A police raid took place on the headquarters of the Gays and Lesbians of Zimbabwe (GALZ) association in Harare over the weekend, in which police arrested 44 gay rights activists.

The raid, which took place on Saturday, came as activists were preparing to launch a report on the abuse suffered by LGBT people in Zimbabwe.

Homosexuality is illegal in the country and the President Robert Mugabe has referred to LGBT people as being “worse than dogs and pigs.”

In a statement, GALZ said: “Police, some of them visibly drunk, assaulted most of the members using baton sticks.

“GALZ does not condone violence and we are not a threat. Those who cause violence are a threat to public safety and security and we ask that they stay away from our premises.”

The statement also mentioned that some of the activists were punched and kicked by the police.

The 44 members of GALZ – 31 men and 13 women – who were arrested were taken to Harare central police station where they were held before being released without charge on Sunday.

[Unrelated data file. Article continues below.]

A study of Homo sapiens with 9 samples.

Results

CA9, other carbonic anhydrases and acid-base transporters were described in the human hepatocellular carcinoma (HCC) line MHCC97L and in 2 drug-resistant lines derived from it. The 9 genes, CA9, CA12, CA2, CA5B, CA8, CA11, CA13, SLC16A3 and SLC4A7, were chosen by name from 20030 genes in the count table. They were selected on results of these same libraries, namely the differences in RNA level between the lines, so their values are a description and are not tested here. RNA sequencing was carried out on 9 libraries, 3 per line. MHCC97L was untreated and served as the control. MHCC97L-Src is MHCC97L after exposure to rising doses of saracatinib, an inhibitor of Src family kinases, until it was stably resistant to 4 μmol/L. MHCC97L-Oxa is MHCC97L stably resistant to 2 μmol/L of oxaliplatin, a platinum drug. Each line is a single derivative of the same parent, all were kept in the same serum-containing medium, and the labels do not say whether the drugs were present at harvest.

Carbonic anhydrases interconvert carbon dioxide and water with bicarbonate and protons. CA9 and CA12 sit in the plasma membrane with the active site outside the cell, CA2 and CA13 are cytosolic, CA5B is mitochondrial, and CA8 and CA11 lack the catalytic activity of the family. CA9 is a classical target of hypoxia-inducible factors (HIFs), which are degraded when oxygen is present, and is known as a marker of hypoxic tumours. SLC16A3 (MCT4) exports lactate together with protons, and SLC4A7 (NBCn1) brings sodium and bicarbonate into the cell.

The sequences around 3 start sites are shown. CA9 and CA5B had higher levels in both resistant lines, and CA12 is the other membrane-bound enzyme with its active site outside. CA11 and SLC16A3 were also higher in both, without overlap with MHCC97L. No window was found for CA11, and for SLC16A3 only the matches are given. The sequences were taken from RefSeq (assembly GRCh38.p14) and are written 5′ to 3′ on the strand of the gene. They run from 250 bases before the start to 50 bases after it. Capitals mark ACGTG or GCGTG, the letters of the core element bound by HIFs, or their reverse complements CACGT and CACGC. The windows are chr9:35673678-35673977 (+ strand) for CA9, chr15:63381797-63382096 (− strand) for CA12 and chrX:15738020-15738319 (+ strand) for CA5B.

However, police spokesman James Sabau denied that anyone in the group had been arrested and said that they had only been taken to the police station for “screening.”

This incident comes just a month after it was reported that GALZ was to be charged under Section 33 of the Criminal Law (Codification and Reform) Act, the law which makes it illegal to insult President Mugabe or undermine his office.

In 2010, it is claimed GALZ displayed in its office a letter by former San Francisco Mayor Willie Lewis Brown, Jr which criticised Mugabe and may have breached the law.

Lately, Mugabe’s Zanu-PF party has recently rejected calls for the new constitution – which is currently under debate – to guarantee LGBT rights.